To Jean Baptiste de Ternant
June 23d. 1792.
It has been heretofore understood between us, that the supplies furnished and payments made, or to be made, within the United States, on account of the debt due to France, should be liquidated according to the intrinsic par of the metals in the two Countries.1
It remains to settle what this par is, and to deduce from it the true value of a French livre in the legal Currency of the United States. I call that value Eighteen Cents and fifteen hundredths of a Cents, which is a small fraction in favour of the money of France.
To ascertain this I have pursued the following process.
I have supposed, first, as to your gold Coins, that thirty two louis d’ors, each of the value of twenty four livres ought to correspond with a mark of standard gold.2
But that, by reason of the remedy of weight they in fact weigh less, in proportion of fifteen grains per Mark.
And that, though your legal standard for gold is twenty two parts fine to two parts alloy, yet your real standard is 21²²⁄₂₃ parts fine to 2¹⁰⁄₃₂ parts alloy on account of the remedy of law.
That a Mark or 4608 grains mark weight are equal to 3780 Grains troy weight. And, consequently, that a livre in your Gold Coins contains in fact, of fine Gold, 4 Grains & ⁴³³¹⁄₁₀₀₀₀ parts of a Grain troy weight.
Then as by a law of Congress of the last session for establishing a Mint,3 24 Grains & ¾ of a Grain troy weight of fine Gold are valued at a dollor or 100 Cents, it follows that a livre, in the gold Coins of France, corresponds with 17 Cents and ⁹¹⁵¹⁄₁₀₀₀₀ parts of a Cent.
I have supposed, secondly, as to your silver Coins—
That Eight pieces of Six livres each and ³⁄₁₀ths of a piece, or in other words 49 livres & ⁸⁄₁₀ths. of a livre ought to weigh a Mark of standard silver.
But that by reason of the remedy of weight, they in fact weigh less, in the proportion of 36 grains per mark. And that, though your legal Standard for silver is 11 parts fine to 1 part alloy; yet your real standard is 10 ²¹⁄₂₄ parts fine to 1 ⁸⁄₂₄ parts alloy, on account of the remedy of law. And consequently the livre, in your silver Coins, contains in fact, of fine silver, 68 Grains & ²⁵⁄₁₀₀ parts of a Grain troy weight.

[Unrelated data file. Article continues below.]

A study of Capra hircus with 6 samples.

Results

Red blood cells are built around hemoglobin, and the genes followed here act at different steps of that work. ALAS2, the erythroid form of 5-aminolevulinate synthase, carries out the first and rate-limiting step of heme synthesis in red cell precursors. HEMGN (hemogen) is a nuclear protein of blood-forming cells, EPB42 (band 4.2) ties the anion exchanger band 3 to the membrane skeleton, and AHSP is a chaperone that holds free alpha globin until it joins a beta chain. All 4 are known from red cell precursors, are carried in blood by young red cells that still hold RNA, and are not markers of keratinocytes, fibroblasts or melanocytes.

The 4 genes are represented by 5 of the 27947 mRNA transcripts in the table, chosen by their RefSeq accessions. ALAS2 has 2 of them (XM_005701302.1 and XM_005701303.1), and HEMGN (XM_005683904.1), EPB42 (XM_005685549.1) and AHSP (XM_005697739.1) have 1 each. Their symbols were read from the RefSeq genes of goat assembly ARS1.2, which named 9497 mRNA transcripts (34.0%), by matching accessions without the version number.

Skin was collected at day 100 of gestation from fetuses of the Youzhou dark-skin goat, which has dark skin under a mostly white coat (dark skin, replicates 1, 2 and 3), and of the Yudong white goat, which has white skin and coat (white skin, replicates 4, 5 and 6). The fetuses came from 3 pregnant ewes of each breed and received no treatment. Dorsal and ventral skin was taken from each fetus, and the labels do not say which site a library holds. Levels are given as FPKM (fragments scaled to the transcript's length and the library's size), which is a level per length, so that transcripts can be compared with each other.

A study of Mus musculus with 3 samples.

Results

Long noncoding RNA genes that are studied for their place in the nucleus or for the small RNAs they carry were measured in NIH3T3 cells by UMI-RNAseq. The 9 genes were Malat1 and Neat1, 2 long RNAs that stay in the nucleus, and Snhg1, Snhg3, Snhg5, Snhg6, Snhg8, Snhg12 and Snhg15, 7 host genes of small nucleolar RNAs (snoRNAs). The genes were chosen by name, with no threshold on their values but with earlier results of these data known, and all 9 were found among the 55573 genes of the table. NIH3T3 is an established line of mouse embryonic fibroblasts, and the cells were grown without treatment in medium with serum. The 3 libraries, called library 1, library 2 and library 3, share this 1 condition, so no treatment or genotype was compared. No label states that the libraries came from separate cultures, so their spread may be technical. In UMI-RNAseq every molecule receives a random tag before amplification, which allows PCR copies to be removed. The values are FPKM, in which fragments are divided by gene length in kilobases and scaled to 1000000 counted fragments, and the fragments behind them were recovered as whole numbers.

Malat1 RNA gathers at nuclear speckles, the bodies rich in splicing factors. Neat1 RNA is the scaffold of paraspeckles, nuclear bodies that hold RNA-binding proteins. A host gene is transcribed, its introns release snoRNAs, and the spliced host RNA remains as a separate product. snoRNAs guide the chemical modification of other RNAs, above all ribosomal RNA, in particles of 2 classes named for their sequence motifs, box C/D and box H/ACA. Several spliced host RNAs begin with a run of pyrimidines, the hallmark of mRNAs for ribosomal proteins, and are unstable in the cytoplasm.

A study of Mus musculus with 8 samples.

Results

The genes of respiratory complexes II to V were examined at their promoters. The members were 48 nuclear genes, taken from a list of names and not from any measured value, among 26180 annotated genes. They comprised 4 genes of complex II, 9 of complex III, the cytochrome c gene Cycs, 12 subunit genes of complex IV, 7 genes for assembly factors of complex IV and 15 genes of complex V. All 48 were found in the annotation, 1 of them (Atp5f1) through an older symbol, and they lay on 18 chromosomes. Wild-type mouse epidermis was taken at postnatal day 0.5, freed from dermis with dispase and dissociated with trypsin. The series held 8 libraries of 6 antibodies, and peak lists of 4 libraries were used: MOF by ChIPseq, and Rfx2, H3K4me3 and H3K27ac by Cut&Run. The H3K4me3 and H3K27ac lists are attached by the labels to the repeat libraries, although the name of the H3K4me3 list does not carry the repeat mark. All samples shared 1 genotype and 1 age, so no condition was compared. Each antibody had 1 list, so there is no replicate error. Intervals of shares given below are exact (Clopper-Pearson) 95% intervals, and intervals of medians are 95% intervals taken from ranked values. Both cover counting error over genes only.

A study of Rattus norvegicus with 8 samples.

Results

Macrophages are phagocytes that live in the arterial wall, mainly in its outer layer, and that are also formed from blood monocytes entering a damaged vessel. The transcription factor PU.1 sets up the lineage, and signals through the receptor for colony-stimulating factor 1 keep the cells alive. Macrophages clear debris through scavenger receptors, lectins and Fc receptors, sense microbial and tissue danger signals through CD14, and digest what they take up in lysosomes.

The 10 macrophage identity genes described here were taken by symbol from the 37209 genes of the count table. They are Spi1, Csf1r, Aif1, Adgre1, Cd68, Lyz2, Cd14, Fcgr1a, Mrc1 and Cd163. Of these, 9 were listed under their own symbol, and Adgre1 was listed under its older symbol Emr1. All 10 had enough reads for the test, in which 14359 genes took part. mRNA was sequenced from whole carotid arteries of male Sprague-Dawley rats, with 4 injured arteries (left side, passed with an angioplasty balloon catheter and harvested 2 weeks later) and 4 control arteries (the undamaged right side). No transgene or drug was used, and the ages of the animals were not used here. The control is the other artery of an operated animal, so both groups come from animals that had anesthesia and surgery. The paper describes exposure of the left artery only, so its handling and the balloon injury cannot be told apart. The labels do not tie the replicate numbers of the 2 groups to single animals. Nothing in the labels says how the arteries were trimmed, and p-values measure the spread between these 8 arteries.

Then, as by the law referred to, 371 Grains & ¼ of a Grain troy weight of fine Silver are valued at a dollar, or 100 Cents, it follows that a livre in the Silver Coins of France corresponds with 18 Cents & ³⁸³⁰⁄₁₀₀₀₀ parts of a Cent.
The mean of which two values of the livre of France is, in the legal currency of the United States, something less than 18 Cents & ¹⁵⁄₁₀₀ parts of a Cent.4
This therefore is proposed as the rule or principle of liquidation. If there are any error of fact or calculation they of course will be to be rectified.
I have the honor to be with sentiments of respect and esteem Sir Your Obedt Servant
The Minister Plenipotentiary
LS, Arch. des Aff. Etr., Corr. Pol., Etats-Unis description begins Transcripts or photostats from the French Foreign Office deposited in the Library of Congress. description ends , Supplement Vol. 20; LC (French translation), Arch. des Aff. Etr., Corr. Pol., Etats-Unis description begins Transcripts or photostats from the French Foreign Office deposited in the Library of Congress. description ends , Supplement Vol. 10.
2. H’s discussion of the specie equivalent to the French livre follows closely the description which Jacques Necker had given of the standards of gold and silver coins (A Treatise on the Administration of the Finances of France. In Three Volumes. By Mr. Necker. Translated from the genuine French Edition, 1784, by Thomas Mortimer, Esq. [London: Printed at the Logographic Press, 1785]).
3. “An Act establishing a Mint, and regulating the Coins of the United States” (1 Stat. description begins The Public Statutes at Large of the United States of America (Boston, 1845). description ends 246–51 [April 2, 1792]).
4. On the same day on which this letter was written, Oliver Wolcott, Jr., sent the following certificate to Ternant: “… a warrant was issued on the Treasurer of the United States dated the 21st. day of February 1792 for eight thousand three hundred and Twenty five Dollars in favour of Monsieur Jean de Ternant Minister Plenipotentiary of France which has been charged as a payment on account of the debt due by the United States to the Government of France and which being converted into Livres Tournois is estimated at Forty five thousand Livres” (copy, RG 217, Oliver Wolcott’s “Explanation of Accounts, 1792–1794,” Comptroller of the Treasury, National Archives).